Peter Mandelson
Peter Mandelson is a Labour lord who has served as EU trade commissioner Reuters

A senior Labour peer is urging politicians not to overstate the significance of Ukip's victory in the European Parliament elections.

Peter Mandelson, a Labour lord who served in the cabinet and as the EU commissioner for trade, said political supporters of the EU and the free movement of workers must justify their policies in the face of a eurosceptic onslaught.

There is a debate among both Labour and the Conservatives about how best to win back support from Ukip after it beat them to first place in the EU parliament elections. Ukip took 27.5% of the vote, Labour 25.4% and the Conservatives 23.9%.

Some people in both parties are suggesting a policy shift towards right-wing Ukip, which wants to pull the UK out of the 28-member state EU and end most immigration from the continent, by promising to get tougher on Brussels and immigration.

David Cameron, leader of the Conservatives, has already pledged an in/out referendum on the UK's membership of the EU in 2017 if his party wins the forthcoming general election.

"You saw some electoral insurgency against the mainstream parties. I thought the message was a plague on everyone's houses," Mandelson told IBTimes UK at a conference in London held by the thinktank Policy Network.

"But I wouldn't exaggerate the importance of it. Remember that the vote that Ukip received represented just 9% of the British electorate.

"And many of those who voted for Ukip, when questioned subsequently, said they neither liked nor agreed with Ukip. So I think that gives a reasonable idea of the importance of the vote. I don't dismiss it. But nor am I running away with any false ideas about its importance."


Despite playing down the significance of Ukip's electoral win, which mirrored a sharp increase in the eurosceptic and anti-immigration vote elsewhere on the continent, Mandelson said that "you can't ignore it".

"You've got to be sensitive. You've got to justify your policies. You shouldn't just brush it aside," he said.

"I think Europe has in a sense become a metaphor, a code word, for people's anger, their disappointment and their insecurity."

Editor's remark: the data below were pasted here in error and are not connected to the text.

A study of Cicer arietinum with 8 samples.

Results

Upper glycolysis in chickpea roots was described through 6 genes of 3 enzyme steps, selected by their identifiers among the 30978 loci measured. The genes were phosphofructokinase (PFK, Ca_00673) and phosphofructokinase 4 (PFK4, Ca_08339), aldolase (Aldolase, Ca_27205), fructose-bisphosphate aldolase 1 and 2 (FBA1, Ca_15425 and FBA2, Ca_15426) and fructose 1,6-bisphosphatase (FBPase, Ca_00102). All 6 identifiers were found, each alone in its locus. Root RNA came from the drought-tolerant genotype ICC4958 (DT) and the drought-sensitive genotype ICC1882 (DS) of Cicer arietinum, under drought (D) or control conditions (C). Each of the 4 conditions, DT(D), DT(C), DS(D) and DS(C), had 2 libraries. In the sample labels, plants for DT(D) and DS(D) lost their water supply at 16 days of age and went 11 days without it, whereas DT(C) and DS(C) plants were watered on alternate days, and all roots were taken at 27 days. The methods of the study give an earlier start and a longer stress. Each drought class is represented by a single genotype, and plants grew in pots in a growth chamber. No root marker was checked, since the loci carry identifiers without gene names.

Tony Blair, the former Labour prime minister in whose cabinet Mandelson served, has said the party's current leader Ed Miliband must take the fight to Ukip by making the case for the EU and immigration rather than shift policy towards Nigel Farage's party.


Mandelson also took a swing at Cameron's attempt to reform the EU, which he puts down as motivated by party political squabbling.

Though pledging a referendum, Cameron insists he wants to remain in a reformed EU that is more focused on deepening the single market than centralising political power in Brussels.

"My concern is that his interest is less in reforming the EU than bridging the divide within the Conservative party," said Mandelson, who is chairman of constultancy firm Global Counsel.

"I think if he were more demonstrably interested in the future of the EU, and how it's going to become more effective, people on the continent would listen to him more.

"Britain has a very important voice and role to play in securing reform, but we've got to demonstrate that we're committed to the EU, the European project, to get people to listen to us."

There are many eurosceptics on Cameron's backbenches. His promise of a referendum was a means of taking the pressure off of his leadership of the party. Critics from his own House of Commons benches felt he was not far enough on the right politically when it came to the EU.

Labour has refused to match the Tories' referendum promise. But the party has said it would hold an in/out referendum if any new EU treaty sought to transfer more sovereignty from Westminster to Brussels.

"There is a risk, if there is a referendum, of the vote going the wrong way," Mandelson said.

"I've said before, a referendum is a type of lottery. You literally can't tell what result's going to be pulled out of the box. It depends on what's happening that day, how people are feeling, how they regard the government, what they're unhappy about, as much as it does on the EU."